Apple Magic Trackpad: Run It For "Free" and Do the Environment, and Your Wallet, a Favor.
Most of my AA powered toys and appliances demand a battery change before they are truly depleted. I can measure that there is residual charge and I can't bear to toss them in the trash so they just accumulate in my closet (not a good idea). Behold the Apple Magic Trackpad. It will use the old batteries down to their last Joule-drop and I can dispose of them with a clear conscience.
New batteries, equivalent to what Apple includes, last me about eight weeks. Before they quit I get a battery warning and two weeks later they totally die. Nicely, one can go to the System Preferences>Trackpad and at the bottom left and read "Trackpad battery level" in percent. (If the trackpad batteries are completely dead you won't see this as there is no signal that the Trackpad even exists.) Once the batteries are dead replace them with used batteries and note the starting level. I have had previously used batteries read as high as 95% potency. These used batteries won't last as long as new ones but it is not a chore to keep them handy and replace them a bit more often.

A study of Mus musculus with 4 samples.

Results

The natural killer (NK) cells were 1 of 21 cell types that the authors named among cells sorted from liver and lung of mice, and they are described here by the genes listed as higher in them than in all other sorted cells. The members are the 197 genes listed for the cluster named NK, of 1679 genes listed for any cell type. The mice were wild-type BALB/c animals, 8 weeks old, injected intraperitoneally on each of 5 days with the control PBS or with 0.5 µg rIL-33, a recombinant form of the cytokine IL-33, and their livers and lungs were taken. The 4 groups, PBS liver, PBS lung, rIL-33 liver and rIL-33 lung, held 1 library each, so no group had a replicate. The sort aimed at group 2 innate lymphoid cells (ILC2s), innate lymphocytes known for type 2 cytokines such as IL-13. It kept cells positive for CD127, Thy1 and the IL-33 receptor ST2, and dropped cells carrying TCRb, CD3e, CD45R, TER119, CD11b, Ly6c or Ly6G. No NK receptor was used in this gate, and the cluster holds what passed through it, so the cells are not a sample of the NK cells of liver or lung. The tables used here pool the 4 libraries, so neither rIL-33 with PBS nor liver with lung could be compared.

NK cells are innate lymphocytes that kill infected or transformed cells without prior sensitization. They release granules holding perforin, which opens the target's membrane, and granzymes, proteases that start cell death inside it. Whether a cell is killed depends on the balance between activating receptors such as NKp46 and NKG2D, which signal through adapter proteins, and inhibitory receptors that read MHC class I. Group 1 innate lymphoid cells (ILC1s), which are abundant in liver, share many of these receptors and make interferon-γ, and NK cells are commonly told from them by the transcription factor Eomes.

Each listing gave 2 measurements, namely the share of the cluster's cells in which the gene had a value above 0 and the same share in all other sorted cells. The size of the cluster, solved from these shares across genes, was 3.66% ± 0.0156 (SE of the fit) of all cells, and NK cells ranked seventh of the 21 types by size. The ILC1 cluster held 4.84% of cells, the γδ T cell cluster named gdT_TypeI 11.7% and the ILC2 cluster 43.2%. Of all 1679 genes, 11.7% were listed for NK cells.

A few sensible words of caution. Use only two of the same kind of batteries (don't mix lithium and alkaline). Check them to make sure they are not swollen, misshapen or leaking (leaking chemicals can be poisonous or corrosive and will mess up your battery compartment). If possible use two old batteries from the same source, starting off at the same charge is better. Don't put them in backwards. A good way to remember is the flat side is negative and goes up against the battery door which has slot in it that looks remarkably like a "negative" sign (another intuitive apple UI). I keep one of the dimes I saved to open the battery compartment. Oh, and don't over tighten it, just a slight snug will do.
Finally, if you ruin your nice Trackpad, it is not my fault. I haven't saved so many dimes that I can send you and your attorney on a South Sea vacation.